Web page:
Truth is no stranger to fiction, even in Batman comics...
I recently revisited the classic graphic novel Arkham Asylum, by Grant Morrison and Dave McKean. When I first read it many years ago, I think I was nonplussed by the unconventional art and the fact that Batman wasn't kicking someone's butt every few pages. But now my tastes have matured, and I was able to appreciate the artful abilities behind the writing and visuals.
That's not to say I enjoyed the book...it's gruesome enough to make me think that Morrison's goal was not for people to enjoy it, in fact, and it's definitely not for children. (I always have to point that out, because I have a bunch of my own who might see this, and many others that may look to me for recommendations.) But for adults who want something to think about, and a closing "punchline" from the Joker that captures well a profound truth in this fiction, it's an interesting read.
The profound truth I mentioned is what I wanted to discuss here briefly. In the plot the inmates have taken over the asylum...that's what I say when I leave my kids alone at home, but in this case we're talking real inmates and a real asylum, which is a scary thing to be sure. They demand that Batman come in to join them, or they will kill more of the staff. And then they put him through a gauntlet of challenges and suffering, some of it caused by his own insecurities, neuroses, burdens, and sins (to use an old term not mentioned in the book). As the story progresses, it also becomes apparent that not only Batman, but the staff of Arkham, who are supposed to be helping their "patients" to become more sane, are struggling with their own versions of insanity.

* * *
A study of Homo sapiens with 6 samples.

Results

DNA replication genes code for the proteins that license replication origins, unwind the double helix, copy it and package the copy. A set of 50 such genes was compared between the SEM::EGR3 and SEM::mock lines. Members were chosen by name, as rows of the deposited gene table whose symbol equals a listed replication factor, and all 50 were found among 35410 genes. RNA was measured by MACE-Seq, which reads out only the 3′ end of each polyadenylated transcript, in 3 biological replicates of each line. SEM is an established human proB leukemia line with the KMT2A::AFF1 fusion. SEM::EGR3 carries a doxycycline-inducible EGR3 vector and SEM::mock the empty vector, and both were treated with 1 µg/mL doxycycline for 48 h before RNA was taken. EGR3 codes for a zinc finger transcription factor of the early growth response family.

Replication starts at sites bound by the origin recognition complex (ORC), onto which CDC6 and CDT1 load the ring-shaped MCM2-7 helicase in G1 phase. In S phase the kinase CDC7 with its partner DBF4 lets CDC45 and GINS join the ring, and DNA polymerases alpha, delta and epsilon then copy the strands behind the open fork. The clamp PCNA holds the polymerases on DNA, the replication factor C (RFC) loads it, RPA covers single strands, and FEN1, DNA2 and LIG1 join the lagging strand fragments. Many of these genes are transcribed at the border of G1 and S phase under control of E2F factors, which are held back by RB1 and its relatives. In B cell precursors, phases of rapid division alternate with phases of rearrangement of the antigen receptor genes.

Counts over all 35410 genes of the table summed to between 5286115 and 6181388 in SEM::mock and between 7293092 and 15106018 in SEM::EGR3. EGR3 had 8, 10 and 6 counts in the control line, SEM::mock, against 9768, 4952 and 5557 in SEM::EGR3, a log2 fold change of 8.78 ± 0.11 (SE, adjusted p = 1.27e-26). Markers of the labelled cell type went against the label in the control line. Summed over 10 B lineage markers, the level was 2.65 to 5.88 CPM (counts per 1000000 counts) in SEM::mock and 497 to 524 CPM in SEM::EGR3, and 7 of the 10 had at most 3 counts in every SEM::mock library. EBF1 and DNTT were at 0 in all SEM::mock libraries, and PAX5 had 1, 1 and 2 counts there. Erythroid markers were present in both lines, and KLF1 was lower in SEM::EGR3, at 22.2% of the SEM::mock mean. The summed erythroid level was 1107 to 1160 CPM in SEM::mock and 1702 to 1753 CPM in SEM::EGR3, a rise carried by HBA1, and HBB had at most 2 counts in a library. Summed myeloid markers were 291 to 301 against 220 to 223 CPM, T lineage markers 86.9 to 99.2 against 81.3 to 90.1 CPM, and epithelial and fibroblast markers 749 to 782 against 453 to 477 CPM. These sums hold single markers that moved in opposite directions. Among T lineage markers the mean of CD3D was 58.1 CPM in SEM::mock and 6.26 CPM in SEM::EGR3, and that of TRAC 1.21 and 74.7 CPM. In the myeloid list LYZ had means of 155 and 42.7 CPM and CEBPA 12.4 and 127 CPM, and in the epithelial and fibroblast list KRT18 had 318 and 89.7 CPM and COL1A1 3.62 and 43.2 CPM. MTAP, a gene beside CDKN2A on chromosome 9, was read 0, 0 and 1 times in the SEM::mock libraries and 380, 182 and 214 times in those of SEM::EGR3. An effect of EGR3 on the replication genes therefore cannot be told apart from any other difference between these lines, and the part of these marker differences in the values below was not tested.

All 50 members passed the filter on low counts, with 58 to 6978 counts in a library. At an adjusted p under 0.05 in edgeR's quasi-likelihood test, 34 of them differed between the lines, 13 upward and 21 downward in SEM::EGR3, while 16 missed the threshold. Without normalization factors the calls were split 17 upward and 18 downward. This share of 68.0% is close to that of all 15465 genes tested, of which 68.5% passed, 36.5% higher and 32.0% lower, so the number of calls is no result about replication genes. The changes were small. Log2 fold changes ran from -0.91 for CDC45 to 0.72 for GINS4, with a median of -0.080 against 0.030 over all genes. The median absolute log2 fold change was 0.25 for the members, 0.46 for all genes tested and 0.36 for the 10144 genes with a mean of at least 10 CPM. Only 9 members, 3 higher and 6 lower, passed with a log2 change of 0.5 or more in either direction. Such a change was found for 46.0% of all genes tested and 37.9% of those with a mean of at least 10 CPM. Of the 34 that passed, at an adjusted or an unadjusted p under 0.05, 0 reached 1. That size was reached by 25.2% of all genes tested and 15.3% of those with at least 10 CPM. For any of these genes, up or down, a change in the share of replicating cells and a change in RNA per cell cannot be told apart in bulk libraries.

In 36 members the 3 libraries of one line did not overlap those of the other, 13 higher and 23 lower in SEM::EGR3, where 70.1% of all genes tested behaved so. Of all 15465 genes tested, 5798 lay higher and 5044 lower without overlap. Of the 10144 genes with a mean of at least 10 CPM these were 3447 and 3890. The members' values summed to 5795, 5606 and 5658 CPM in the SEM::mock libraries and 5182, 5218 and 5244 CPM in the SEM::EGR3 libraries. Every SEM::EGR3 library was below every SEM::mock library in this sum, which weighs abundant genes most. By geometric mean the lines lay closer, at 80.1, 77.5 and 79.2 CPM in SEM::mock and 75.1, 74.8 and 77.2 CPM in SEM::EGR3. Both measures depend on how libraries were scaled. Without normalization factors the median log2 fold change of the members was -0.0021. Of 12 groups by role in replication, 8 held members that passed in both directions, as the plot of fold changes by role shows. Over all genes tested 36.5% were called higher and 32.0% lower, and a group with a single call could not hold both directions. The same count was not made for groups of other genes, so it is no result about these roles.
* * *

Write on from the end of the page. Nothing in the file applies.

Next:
I will resist the temptation here to expound on the idea (intentionally communicated by Morrison?) that much of the cure for mental illness is worse than the disease, and often makes it worse. But I wanted to focus on the simple truth that the Joker points out in his final line in the book, when he says goodbye to Batman when the caped crusader is leaving the building. The clown prince of crime says, "Enjoy yourself out there...in the asylum! Just don't forget, if it ever gets too tough, there's always a place for you here."
The first line is so brilliant. I've always said that we are all mentally ill, in one way or another, because "mental illness" simply means you're not thinking right, and we all suffer from that malady--in spades (No Joker card pun intended). In this sense, for example, the "respectable good citizen" outside the asylum is just as "insane" as many of the people inside, because he or she is inappropriately prideful, self-sufficient, judgmental of others, or just plain ungrateful for the good things he or she has been given by God. In fact, any failure to recognize and worship the One who created us, whether accepted by society or not, is the epitome of mental illness (bad thinking) because we're living in a "matrix" world that has blinded us to the true source of good, hope, and help. We are living a lie, thinking like we are immortal, or able to sustain our own life, health, etc. or any number of other foolish notions. We are simply not the master of our fate or the captain of our soul, no matter how much we might tell ourselves that we are.
The second part of the Joker's line is interesting too. It implies that living in the "real world" is often harder than hiding in an institution, because in the latter you can admit your "mental illnesses" and relax while someone else takes care of you. I don't know if you've ever thought of doing that, but I have. And it makes me think of the words of Jesus, who said that we can find forgiveness, change, and refuge while remaining in the real world, but only through him. He said, "Come to me, all you who labor and are heavily burdened, and I will give you rest for your souls. Take my yoke upon you, and learn from Me, for I am gentle and humble in heart, and you will find rest for your souls. For My yoke is easy and My burden is light” (Matthew 11:28-30).